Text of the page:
EDITORIAL | Border protection must be a priority
We began 2017 with a glimmer of hope that through the signing of a Memorandum of Understanding there would have been heavy policing of most of the 145 illegally established ports of entry to the island. The MOU gave impressive details of planned coastal surveillance and intelligence gathering particularly on the southern border and sections of the north-eastern coast.
We end 2017 without proof that the Government has succeeded in meeting those priorities and we therefore feel compelled to call on the Government to make border protection a priority in 2018.
From the time that explorers took to the sea to discover what was beyond their own borders, ports have been hotbeds of smuggling activities, particularly drugs, guns and ammunition and humans beings.
A Government’s most basic task is to provide security for its people. Jamaican individuals and companies are all hoping that for 2018 the Government will find new strategies to turn back the tide of violence that is sweeping across the island. Guns figure in more than 80 per cent of the crimes committed in Jamaica. Guns are not manufactured in Jamaica, so detecting and ebbing the flow of guns into the country ought to be a security priority.
Criminals are using violence to exploit the security lapses that have existed in this country over many years. And now they have become so emboldened that law-abiding citizens appear to be on the retreat as they cower on hearing daily reports of persons being cut down by bullets.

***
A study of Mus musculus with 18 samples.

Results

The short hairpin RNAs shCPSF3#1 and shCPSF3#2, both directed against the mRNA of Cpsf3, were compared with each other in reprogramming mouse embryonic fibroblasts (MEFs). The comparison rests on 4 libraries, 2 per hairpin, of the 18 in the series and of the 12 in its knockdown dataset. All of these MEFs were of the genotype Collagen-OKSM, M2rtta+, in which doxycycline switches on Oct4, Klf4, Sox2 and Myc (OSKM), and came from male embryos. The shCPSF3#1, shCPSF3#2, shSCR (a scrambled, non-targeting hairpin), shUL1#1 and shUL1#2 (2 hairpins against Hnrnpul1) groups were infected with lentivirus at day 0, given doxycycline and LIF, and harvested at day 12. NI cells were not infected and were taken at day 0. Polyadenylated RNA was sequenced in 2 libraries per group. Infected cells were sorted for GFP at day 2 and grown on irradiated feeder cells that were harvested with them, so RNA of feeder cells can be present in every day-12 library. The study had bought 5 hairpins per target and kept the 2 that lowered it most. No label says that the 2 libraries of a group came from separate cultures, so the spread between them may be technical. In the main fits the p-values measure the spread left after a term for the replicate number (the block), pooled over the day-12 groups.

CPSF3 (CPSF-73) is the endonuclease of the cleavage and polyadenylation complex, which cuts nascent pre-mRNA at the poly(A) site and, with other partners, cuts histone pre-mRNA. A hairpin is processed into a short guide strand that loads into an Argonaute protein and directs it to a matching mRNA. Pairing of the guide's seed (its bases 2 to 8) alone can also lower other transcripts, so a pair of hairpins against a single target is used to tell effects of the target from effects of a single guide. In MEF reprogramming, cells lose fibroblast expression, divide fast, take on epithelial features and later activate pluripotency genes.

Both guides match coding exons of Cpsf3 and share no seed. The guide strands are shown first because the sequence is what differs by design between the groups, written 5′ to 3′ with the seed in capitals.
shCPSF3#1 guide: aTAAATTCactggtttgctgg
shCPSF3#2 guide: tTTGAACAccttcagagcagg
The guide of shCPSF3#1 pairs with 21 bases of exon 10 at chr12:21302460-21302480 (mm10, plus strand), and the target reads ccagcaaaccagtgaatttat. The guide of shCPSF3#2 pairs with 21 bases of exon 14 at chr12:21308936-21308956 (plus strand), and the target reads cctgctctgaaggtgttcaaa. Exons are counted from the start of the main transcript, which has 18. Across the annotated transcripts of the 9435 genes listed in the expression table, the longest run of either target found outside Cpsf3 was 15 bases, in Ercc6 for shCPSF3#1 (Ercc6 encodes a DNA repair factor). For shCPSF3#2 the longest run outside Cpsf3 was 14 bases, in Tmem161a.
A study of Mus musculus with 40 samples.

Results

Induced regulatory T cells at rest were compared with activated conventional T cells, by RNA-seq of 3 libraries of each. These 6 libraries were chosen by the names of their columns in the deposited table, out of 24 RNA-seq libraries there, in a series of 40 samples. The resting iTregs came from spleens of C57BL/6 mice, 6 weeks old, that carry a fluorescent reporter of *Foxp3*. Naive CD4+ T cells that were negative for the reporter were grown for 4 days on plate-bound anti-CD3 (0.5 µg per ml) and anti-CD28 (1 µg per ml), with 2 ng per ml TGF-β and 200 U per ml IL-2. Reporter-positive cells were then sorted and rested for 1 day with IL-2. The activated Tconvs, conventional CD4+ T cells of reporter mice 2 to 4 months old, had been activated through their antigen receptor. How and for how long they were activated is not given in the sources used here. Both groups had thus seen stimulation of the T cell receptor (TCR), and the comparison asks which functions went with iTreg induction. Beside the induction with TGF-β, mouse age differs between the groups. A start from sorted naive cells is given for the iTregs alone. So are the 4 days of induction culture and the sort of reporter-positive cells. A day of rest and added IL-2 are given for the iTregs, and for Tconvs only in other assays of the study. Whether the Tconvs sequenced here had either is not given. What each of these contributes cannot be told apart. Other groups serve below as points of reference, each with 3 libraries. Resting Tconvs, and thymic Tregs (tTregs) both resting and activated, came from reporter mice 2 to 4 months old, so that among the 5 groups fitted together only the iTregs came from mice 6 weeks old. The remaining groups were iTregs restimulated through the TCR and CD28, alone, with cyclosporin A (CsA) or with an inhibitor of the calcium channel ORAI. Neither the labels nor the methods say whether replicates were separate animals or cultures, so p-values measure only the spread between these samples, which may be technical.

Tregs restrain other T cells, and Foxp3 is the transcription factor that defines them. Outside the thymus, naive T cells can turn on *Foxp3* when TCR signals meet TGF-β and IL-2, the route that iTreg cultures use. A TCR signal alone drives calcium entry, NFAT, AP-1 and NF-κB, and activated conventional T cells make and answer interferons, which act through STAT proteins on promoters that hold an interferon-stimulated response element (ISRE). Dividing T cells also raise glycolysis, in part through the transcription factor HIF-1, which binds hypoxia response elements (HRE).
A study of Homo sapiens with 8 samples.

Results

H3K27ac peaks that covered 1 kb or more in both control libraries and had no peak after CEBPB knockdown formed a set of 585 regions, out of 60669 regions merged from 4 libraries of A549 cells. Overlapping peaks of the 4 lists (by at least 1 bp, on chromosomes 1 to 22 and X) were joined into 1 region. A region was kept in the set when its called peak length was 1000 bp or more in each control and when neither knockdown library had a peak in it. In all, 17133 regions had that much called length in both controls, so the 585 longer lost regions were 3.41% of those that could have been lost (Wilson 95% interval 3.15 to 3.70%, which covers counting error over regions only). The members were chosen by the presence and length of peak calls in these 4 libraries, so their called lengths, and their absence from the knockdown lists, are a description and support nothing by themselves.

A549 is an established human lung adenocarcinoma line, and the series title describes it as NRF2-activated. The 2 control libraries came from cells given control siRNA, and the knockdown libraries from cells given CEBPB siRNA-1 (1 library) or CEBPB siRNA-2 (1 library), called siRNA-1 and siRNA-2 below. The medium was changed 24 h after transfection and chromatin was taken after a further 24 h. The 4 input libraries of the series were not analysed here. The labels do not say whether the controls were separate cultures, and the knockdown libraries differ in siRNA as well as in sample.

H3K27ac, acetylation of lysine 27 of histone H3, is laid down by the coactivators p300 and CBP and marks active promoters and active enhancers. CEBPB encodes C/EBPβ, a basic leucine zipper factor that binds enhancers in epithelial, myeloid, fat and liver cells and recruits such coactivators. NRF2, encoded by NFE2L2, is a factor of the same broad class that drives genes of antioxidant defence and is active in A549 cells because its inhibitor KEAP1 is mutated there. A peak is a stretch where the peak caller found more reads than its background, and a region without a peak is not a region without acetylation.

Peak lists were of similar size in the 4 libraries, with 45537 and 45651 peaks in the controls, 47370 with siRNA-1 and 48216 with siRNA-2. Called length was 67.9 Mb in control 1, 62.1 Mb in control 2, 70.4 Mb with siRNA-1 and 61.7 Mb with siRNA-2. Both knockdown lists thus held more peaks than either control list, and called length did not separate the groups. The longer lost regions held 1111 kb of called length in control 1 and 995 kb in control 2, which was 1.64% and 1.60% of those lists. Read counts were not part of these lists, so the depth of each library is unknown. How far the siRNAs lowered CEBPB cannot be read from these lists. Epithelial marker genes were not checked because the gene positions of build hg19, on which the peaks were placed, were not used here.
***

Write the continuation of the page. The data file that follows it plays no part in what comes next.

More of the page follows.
More muscles, new initiatives and greater resolve must all be employed to reverse the threats to the country’s national security by a few criminals who are growing more brazen by the day.
The seemingly narrow focus on processing crime scenes misses the larger point which demands there be urgent efforts to protect our borders to staunch the flourishing arms trade; that rapid response be given to citizens’ calls and that we seek international cooperation from our partners.
If there is to be any hope for a long-term solution then a comprehensive crime plan must encompass all of the above. Indeed, there are various crime plans which have been crafted for the Jamaica Constabulary Force which may require some simple tweaking before implementation.
Criminals and opportunity seekers take advantage of porous borders and informal economies to establish their illicit businesses. Concerns about gun imports came to the fore in November when it was discovered that a cache of more than 100 weapons destined for Montego Bay was seized at Miami International Airport. As the debate intensified about the illicit shipment, many wondered how many of these deadly weapons had previously escaped detection.
And only recently, the authorities again confirmed the vulnerability of our borders with the announcement that there is now a lucrative gun-for-motorbike trade between Jamaican and Haiti and before that it was gun-for-drugs. Jamaica must move swiftly to confront the assortment of threats lurking at its border, recognising that both internal and external forces are at work.
National security minister Robert Montague has said Jamaica stands to learn some lessons from Colombia where he attended sessions discussing the challenges states face to establish legitimacy and trust in the implementation of citizen security public policies. We hope the Jamaican delegation also learned something about border protection from its Latin American and Caribbean counterparts in attendance.